The next four years in market history won’t be anything like the last four. In the last four years, the market has run up 81%, hitting all time highs just days ago. However, the uncomfortable truth is that the market is expensive now, and investors better square with that knowledge quickly, or we all may pay the price.
Why do I think the market is so overpriced? First, Warren Buffett’s favorite macro metric, the Market Cap/GDP ratio, is no longer lower than 1. At a little more than 1.1, the market is pricing GDP growth into its current value, even in a market that’s deleveraging and has shown stagnant growth, allowing very little room for error. Aside from a quantitative test, however, I personally use the John Templeton qualitative test to find the market’s stage.
Templeton once said, “Bull-markets are born on pessimism, grow on skepticism, mature on optimism and die on euphoria.” Over the past few years, this has been a great market indicator. 2009 was a universally pessimistic year, the beginning of the bull market. Through 2010 and 2011, the bull market grew over market skepticism around a double (or even triple!) dip recession, until finally, today’s markets have matured into all-time highs as major hedge funds have become optimistic about equities. The bull market appears to be at the beginning of its end, so it behooves any investor to prepare.
If you’re convinced that you should get ready for an unfriendly market in the future, I believe there are two things every investor should begin to do to protect their portfolios and prepare to take advantage of market uncertainty.
1. Lower Market Exposure
I don’t necessarily mean increase your allocation to cash (although increasing your cash allocation is certainly one way to reduce market exposure). I personally prefer using various irregular market techniques to take advantage of a possible market top. Short selling, for example, is one technique that can be added to portfolios as markets begin to get restless. Shorting a company with terrible economics like Overstock.com (NASDAQ:OSTK), for example, would reduce your portfolio’s overall long portfolio exposure, and even perhaps add some outperformance.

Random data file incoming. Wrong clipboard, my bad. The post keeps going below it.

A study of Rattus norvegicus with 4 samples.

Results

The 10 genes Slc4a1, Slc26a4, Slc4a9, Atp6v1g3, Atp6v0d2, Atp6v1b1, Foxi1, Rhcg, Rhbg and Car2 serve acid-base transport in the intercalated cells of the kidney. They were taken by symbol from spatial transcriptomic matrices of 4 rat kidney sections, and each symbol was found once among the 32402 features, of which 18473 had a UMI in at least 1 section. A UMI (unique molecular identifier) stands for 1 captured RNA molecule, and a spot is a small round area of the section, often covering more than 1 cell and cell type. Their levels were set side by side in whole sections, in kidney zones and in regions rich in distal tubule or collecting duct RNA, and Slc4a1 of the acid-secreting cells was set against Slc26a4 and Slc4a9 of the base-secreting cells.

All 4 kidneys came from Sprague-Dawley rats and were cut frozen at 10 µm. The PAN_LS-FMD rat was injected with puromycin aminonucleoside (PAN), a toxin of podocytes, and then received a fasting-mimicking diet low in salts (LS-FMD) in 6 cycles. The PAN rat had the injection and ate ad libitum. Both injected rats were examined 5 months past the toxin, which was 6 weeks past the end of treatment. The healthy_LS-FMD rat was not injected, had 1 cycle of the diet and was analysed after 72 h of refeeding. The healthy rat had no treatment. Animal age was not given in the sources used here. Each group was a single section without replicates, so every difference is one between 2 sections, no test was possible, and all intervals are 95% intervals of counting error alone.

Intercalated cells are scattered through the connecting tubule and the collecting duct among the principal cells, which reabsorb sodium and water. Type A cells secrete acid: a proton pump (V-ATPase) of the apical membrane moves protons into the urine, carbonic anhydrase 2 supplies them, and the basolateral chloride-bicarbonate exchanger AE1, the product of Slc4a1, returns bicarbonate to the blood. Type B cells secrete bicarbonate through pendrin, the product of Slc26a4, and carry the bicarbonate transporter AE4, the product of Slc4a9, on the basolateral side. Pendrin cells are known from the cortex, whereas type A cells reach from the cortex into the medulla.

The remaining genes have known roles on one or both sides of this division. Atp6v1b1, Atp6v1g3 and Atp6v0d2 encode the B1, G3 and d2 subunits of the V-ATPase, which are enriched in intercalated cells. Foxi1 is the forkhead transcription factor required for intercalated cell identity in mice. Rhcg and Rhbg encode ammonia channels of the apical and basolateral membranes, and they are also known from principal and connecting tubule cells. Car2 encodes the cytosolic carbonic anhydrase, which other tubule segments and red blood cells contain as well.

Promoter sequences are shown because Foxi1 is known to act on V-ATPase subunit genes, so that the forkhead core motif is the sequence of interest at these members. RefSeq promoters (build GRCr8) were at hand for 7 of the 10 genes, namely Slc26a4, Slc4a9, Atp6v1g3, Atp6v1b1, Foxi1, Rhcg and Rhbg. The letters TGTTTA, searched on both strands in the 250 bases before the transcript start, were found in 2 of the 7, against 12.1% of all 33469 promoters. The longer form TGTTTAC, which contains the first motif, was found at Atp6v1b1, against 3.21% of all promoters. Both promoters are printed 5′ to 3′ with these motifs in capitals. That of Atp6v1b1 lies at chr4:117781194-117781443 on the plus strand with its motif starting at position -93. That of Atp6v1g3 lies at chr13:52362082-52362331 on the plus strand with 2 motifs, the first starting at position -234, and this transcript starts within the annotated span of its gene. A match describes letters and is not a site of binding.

I believe Overstock.com is worth further research as a short candidate because of its financials and its management. Overstock is an online retailer offering discount sales of, as the name says, overstocked products. The business model isn’t great. For starters, the company is selling products that were already left untouched by consumers when on the shelves, making their product selection relatively unappetizing. Second, the company boasts 18% gross margins and 1.3% pre-tax margins, literally making a penny in profit for every dollar of revenue. Moreover, Overstock.com, Inc. (NASDAQ:OSTK)’s CEO, Patrick Byrne, has shown character traits that no shareholder would be proud of standing behind. According the Business Insider, just 3 months ago Byrne was arrested for bringing a handgun (with 12 rounds of ammunition) onto a plane. While he denied knowing that the gun was in his bag, his actions are questionable to say the least.
After a year in which Overstock.com, Inc. (NASDAQ:OSTK) ran up almost 130%, the stock is down 22% in the last 3 months, perhaps creating an opportunity to short the stock as the market returns to its senses. I would definitely recommend doing further research here, but a company like this, or any other company with weak financials and an untrustworthy management team, might offer a great way to reduce overall long portfolio exposure.